Booming Employment Continues to Drive Louisville’s Impressive Multifamily Market

by John Nelson

Louisville’s multifamily market has long benefited from the city’s highly diversified employment base. With strongholds in distribution (boosted by the recent surge of e-commerce sales), manufacturing, healthcare and professional services, Louisville has rebounded from the pandemic-induced recession more quickly than much of the rest of the country.

As of July 2021, the local unemployment rate was 4.5 percent, while the national rate was 5.4 percent. In addition to increased job growth, local employers are raising wages to attract top talent needed for expansion requirements. This wage growth, coupled with employment demand, has created a considerable advantage for multifamily property owners that have been able to push rental rates on an annual basis.

Craig Collins, Cushman & Wakefield | Commercial Kentucky

Integra Realty Resources (IRR) reports that overall market vacancy is hovering at a low 4 percent. The combination of low vacancy rates and wage growth has allowed multifamily owners to increase rent structures. Landlords have seen high single-digit annual rent increases for the last four years in the Louisville MSA. Class A properties have been achieving rents approaching $2 per square foot for some unit types in luxury developments.

IRR also reports that there are currently over 4,000 multifamily units planned or under construction in the Louisville MSA. With the previous four years showing significant rent growth, multifamily development is expected to continue to be expanded in the Louisville MSA to meet demand.

Large-scale multifamily development was previously dominated by out-of-state developers such as Bristol Development, Cityscape Residential and LIV Development. However, large Class A developments in Louisville have also been proposed and delivered by locally based firms such as Poe Cos., Denton Floyd, LDG Development, NTS Development, Jefferson Development and Hagan Properties.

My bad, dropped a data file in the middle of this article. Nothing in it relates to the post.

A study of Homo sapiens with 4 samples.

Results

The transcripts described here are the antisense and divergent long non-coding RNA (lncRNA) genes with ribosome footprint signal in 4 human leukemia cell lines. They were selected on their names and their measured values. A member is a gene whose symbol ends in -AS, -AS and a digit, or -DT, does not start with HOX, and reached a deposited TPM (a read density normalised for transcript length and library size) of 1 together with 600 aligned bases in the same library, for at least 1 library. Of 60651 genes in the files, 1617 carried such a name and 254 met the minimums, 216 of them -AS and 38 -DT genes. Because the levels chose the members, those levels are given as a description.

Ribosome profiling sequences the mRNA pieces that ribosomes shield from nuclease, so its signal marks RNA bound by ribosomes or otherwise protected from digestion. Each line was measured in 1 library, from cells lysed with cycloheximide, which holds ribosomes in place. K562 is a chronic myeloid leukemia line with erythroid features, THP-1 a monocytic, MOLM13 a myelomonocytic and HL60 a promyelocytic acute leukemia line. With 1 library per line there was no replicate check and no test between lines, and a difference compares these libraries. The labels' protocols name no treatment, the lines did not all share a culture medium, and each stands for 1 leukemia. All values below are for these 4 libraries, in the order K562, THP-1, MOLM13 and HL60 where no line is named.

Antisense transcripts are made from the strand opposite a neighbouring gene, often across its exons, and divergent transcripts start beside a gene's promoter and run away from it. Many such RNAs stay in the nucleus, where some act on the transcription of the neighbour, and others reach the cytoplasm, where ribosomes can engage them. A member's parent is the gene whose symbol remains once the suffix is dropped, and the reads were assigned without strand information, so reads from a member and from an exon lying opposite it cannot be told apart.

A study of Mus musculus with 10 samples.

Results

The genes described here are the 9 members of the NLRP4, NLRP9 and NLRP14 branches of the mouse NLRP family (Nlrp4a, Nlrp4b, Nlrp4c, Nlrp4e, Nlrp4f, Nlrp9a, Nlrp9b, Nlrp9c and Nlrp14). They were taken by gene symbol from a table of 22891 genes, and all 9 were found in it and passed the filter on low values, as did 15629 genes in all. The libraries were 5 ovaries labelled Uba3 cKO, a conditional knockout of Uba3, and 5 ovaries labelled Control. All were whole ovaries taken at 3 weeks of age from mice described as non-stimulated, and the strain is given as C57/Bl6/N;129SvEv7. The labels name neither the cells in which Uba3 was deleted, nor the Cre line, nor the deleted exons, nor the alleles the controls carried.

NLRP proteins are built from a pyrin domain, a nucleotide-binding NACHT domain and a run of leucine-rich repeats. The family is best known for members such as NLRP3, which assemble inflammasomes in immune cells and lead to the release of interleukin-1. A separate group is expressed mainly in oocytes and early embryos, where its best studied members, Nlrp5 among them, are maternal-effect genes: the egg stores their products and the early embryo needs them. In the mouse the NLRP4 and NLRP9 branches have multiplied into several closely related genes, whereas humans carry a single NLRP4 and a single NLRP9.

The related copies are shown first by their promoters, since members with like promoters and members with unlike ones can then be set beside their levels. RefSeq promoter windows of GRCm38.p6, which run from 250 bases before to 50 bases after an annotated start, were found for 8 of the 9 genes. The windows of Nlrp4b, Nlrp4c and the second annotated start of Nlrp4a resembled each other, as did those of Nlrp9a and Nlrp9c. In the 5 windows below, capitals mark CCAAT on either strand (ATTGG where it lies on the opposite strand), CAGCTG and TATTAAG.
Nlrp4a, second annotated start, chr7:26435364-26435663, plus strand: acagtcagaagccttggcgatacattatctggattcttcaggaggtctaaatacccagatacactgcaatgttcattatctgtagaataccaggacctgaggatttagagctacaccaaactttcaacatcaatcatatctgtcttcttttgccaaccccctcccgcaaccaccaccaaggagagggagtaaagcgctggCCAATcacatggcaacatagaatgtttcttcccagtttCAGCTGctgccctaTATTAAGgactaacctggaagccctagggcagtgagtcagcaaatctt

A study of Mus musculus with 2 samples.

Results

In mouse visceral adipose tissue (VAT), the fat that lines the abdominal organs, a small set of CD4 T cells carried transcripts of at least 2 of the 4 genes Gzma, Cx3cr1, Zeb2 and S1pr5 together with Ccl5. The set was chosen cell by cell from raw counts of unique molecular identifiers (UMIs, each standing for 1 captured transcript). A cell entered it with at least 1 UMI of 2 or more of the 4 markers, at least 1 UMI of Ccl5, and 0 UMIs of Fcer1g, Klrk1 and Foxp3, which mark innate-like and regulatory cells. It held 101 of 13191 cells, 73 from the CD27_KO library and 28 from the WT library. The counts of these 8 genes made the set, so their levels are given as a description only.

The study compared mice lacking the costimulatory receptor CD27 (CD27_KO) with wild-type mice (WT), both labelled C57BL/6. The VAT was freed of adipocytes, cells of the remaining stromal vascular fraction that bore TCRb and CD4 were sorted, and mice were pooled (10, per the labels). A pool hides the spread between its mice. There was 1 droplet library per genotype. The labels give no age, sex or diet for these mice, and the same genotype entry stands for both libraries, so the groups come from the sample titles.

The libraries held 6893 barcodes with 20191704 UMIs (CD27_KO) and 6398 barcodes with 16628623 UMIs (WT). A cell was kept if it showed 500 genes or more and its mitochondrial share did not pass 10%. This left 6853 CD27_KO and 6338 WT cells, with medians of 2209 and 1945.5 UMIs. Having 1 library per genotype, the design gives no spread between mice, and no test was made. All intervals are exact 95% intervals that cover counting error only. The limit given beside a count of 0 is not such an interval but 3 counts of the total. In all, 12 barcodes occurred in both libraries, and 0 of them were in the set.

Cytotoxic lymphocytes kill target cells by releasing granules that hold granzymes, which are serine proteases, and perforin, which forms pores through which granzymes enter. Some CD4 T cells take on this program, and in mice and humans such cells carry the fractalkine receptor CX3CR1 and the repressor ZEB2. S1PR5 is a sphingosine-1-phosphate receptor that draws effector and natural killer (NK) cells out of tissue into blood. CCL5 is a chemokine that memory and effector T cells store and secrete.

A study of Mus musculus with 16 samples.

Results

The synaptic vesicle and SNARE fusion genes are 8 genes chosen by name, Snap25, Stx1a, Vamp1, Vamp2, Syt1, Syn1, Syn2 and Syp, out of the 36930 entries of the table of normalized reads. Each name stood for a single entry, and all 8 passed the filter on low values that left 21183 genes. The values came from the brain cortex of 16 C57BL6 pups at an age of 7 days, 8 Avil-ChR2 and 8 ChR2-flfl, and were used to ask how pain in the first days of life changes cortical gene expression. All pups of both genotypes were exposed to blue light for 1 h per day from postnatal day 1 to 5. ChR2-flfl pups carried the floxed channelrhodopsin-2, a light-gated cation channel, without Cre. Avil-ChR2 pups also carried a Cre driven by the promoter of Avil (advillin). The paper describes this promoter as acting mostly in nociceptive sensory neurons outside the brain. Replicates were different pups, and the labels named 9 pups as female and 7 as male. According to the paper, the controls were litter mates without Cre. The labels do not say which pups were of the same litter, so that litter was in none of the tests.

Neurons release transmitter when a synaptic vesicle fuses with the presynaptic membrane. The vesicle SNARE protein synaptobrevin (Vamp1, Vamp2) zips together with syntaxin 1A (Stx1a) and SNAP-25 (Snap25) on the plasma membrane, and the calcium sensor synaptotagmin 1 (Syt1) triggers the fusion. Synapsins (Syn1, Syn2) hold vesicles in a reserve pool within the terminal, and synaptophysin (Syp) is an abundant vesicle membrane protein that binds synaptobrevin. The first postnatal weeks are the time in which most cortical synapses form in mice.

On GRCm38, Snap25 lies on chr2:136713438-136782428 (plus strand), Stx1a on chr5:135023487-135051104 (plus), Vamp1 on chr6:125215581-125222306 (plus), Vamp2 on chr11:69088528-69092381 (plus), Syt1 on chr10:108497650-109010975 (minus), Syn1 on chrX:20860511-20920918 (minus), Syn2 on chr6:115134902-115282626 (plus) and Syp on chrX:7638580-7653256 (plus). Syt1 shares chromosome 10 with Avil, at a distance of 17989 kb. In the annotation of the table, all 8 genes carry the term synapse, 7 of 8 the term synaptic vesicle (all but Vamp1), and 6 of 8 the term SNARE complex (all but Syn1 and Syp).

With the most obvious urban infill sites taken, new development continues to push east, south and even north into Southern Indiana to find viable sites to deliver new multifamily product. In Eastern Jefferson County there are a number of new Class A properties, including developments from LDG, Bristol Development, Hagan and Cincinnati-based Hills Properties. Historically, the eastern submarket of Louisville has attracted the highest rents and most amenity-rich apartment development in the state of Kentucky. We forecast that trend to be continued for the foreseeable future.

Louisville’s manufacturing and distribution employment base also drives new construction and high absorption in Southern Indiana, as well as the southern and southwestern quadrants of Louisville. The high employment demand from employers such as UPS, Ford and General Electric, as well as numerous large employers in the 6,000-acre River Ridge development in Jeffersonville, Indiana, should continue to add employment and residential demand in these submarkets.
Acquisition demand for existing 1970s to 1990s apartment communities throughout the Louisville MSA continues to be strong from out-of-state investors looking to do community renovation and add additional amenities to these properties. Louisville has seen a number of these investment groups acquire older apartment communities and add significant interior capital improvements and amenity packages to drive up base rents and overall revenues for these renovated communities.

We expect the demand for well-located, older properties to continue for the foreseeable future and provide investors excellent returns, with capital improvements spent in interior unit renovations and additional amenities such as dog parks, playgrounds, grill stations and fitness centers. In the past five years, Louisville has seen a number of investment groups experience high returns with this investment strategy.

Downtown Louisville near the CBD has experienced the most pain during the recession due to downtown office workers working from home, as well as the significant civil unrest that downtown Louisville experienced in 2020. The combination of remote work policies and continued civil unrest in the CBD provided a very challenging environment for multifamily properties. Owners of these properties have rebounded somewhat in 2021, but have not achieved the occupancy and rent growth that they were experiencing in 2019.

Properties located in the NuLu neighborhood have experienced some rebound and, along with Shelby Park and Germantown, these urban neighborhoods feel like a safe distance from any of the civil unrest. The City of Louisville is encouraging downtown employers to bring office workers back to the office and have provided more security measures to keep civil unrest under control so that residents in the CBD feel safer and can experience the great amenity package that downtown offers.

Overall, we expect Louisville to experience continued job growth, low vacancy factors, low concession rates and increasing rent growth for the foreseeable future. When reviewing comparable cities throughout the Southeast and Midwest, Louisville still offers much opportunity for additional unit growth and rent growth. Therefore, we expect local and out-of-state firms to continue to develop new and exciting product here.

— By Craig Collins, Senior Director of Cushman & Wakefield | Commercial Kentucky. This article originally appeared in the September 2021 issue of Southeast Real Estate Business.